New securitisation issue may offer a GRAND debt solution


Competitively priced CMBS could help pay off €3bn of debt from earlier issue, writes Alex Catalano


With Deutsche Annington reportedly on track for flotation this year, will it use CMBS to refinance some of the €3bn in its existing GRAND CMBS? Bank of America Merrill Lynch says a new five-year CMBS with equal leverage to GRAND (60%) could be priced at a blended margin of 179 basis points.

This is competitive with the margins of around 200bps German pfandbrief lenders charge on five-year loans at 60% loan-to- value ratios. Meanwhile, GRAND CMBS notes are pricing at a blended discount margin of 191bps.

Having restructured the securitisation and cut the debt to €3.8bn in 2012, Deutsche 3.0 Annington (DAIG) is committed to repaying 2.5 €1bn this year, €700m next year, €650m 2.0 each in 2015 and 2016, and the rest in 2017.


Apr 2013, p19, i1It has already fulfilled a big chunk of its 2013 target; in January it arranged €785m of debt, €715m of which will help pay off GRAND, and expects 2013 asset sales to generate “substantial repayment”.

Most of this new finance, €656m, came from Berlin Hyp, with €130m from two other lenders, thought to be pension funds. Parent Landesbank Berlin is positioning Berlin Hyp as the group’s specialist commercial real estate lender for German savings banks, focused on big deals in Germany and a handful of other core European markets.

It is preparing to offer its affiliated savings banks participation in the DAIG loan, in the form of a promissory note backed by 24,000 homes in the Ruhr, as well as in and around Cologne, Munich and Augsburg (see panel).

Restructuring the CMBS and reducing leverage was a necessary precursor to the company’s initial public offering. JPMorgan and Morgan Stanley are managing the IPO, which may offer 30-40% of the firm’s shares.

German REIT and property company share prices have risen 19% over the past year; in January, German apartment landlord LEG Immobilien raised about €1.3bn in an IPO. DAIG’s portfolio, valued at €9.9bn in 2011, has 210,000 flats, mainly in west Germany.

Although official data shows that German house prices have been flat since 2000, recent Morgan Stanley research says this is based on owner-occupier deals only, while prices have risen for larger multi-family residential portfolios. It estimates that condominium prices have doubled since 2000 and are now back to 2007 levels.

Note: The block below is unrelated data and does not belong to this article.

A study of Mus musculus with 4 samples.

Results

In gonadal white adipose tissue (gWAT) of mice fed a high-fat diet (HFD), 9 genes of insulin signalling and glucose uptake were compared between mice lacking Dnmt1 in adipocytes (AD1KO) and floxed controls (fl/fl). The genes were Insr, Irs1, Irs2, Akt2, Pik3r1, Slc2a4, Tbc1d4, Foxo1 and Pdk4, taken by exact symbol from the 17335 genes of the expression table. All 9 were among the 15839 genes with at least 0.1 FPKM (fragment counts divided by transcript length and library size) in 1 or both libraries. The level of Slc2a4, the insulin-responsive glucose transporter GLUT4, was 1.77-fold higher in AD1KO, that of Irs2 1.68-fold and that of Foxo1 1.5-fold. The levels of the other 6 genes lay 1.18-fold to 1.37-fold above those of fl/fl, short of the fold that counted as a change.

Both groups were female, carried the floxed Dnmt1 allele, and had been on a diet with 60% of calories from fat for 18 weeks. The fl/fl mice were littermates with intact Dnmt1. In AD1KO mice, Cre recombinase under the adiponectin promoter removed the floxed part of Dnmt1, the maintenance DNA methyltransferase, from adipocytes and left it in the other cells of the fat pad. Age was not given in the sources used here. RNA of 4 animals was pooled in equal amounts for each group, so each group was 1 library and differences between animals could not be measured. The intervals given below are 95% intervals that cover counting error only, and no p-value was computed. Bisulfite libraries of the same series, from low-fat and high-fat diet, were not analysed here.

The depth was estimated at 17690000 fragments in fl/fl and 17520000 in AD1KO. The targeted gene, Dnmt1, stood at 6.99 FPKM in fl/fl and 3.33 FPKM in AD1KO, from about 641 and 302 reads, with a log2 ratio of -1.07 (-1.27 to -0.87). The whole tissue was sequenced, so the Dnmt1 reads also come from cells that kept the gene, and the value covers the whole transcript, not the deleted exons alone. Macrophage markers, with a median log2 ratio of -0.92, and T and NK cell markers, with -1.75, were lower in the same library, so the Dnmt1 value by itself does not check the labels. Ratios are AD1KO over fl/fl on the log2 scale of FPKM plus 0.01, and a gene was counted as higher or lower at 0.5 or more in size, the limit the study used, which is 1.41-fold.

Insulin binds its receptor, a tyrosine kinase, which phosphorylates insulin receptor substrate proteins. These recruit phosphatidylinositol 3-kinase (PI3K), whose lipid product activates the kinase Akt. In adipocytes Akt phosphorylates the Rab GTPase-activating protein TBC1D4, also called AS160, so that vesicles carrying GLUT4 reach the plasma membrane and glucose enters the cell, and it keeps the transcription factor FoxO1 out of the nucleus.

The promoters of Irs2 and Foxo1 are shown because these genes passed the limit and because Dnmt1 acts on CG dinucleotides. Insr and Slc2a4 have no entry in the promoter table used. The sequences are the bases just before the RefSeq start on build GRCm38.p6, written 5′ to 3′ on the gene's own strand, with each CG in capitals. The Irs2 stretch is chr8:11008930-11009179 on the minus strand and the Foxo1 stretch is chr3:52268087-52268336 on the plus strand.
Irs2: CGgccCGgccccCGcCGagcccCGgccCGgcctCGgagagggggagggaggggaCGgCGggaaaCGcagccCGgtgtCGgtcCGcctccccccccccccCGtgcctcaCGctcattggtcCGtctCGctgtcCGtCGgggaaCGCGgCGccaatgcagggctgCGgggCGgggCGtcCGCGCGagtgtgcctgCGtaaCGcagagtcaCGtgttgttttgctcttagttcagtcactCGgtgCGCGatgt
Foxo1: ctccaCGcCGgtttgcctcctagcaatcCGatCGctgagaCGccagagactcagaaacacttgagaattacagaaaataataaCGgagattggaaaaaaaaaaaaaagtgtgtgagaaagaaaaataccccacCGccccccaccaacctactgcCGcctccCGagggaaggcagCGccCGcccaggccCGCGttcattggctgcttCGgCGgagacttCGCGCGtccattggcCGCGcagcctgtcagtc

Berlin Hyp adds real estate ingredient to schuldschein recipe

The ‘IMMO-Schuldschein’ promisory note planned for Deutsche Annington’s debt will be Berlin Hyp’s second issue; it pioneered the instrument earlier this year with a €90m issue for German real estate company GSW Immobilien.

Schuldschein loans are bilateral loan agreements sold to institutional investors – an alternative to bonds that is unique to Germany. German Landesbanks use schuldschein to syndicate larger corporate loans to affiliated savings banks, while German public bodies are also large issuers.

Berlin Hyp’s schuldschein is a combination of traditional promissory note and secured real estate debt, providing investors with a real-asset debt alternative to government bonds. Germany has more than 400 small, independent savings banks that focus on local markets, and Berlin Hyp says its new instrument allows them to participate in big real estate financings outside their area.

The one it issued for GSW is secured by a preferential mortgage on a Berlin-based residential portfolio and has a term of around four years. It was heavily oversubscribed, leading Berlin Hyp to increase the issue size from €70m to €90m; the bank retains a 50%-plus stake in the loan. The issue was taken up by 26 savings banks. “The real estate borrower’s note that we created as an attractive and secure investment opportunity for savings banks will become increasingly important in 2013,” says Berlin Hyp.

Germany’s private-sector schuldschein market is estimated to be worth €13bn and growing. As well as German corporations, well-known foreign ones, such as Sainsbury’s, have used it in the past few years. Unlike bonds, the documentation is simple and short, at around 15 pages for vanilla ones, but covered by Germany’s legal Civil Code, making issuance quicker and less costly.

As loan agreements, schuldschein are unlisted and unregistered, but can be traded over the counter, though investors typically buy them to hold. The loan notes’ terms and conditions can be tailored to suit investors, with maturities ranging from three months to 30 years, and fixed or floating coupons, the latter based on three- or six-month Euribor.

They can also be structured; for example, with coupons that are inflation-linked or step up, and tranched, although more complicated versions will require more documentation.

Their accounting and regulatory treatment is also a big plus. Plain vanilla schuldschein do not have to be marked to market but are held at amortised cost on balance sheets, so book losses don’t need to be reported in the investor’s profit and loss account. And – importantly – the European Central Bank has accepted them as collateral since 2007.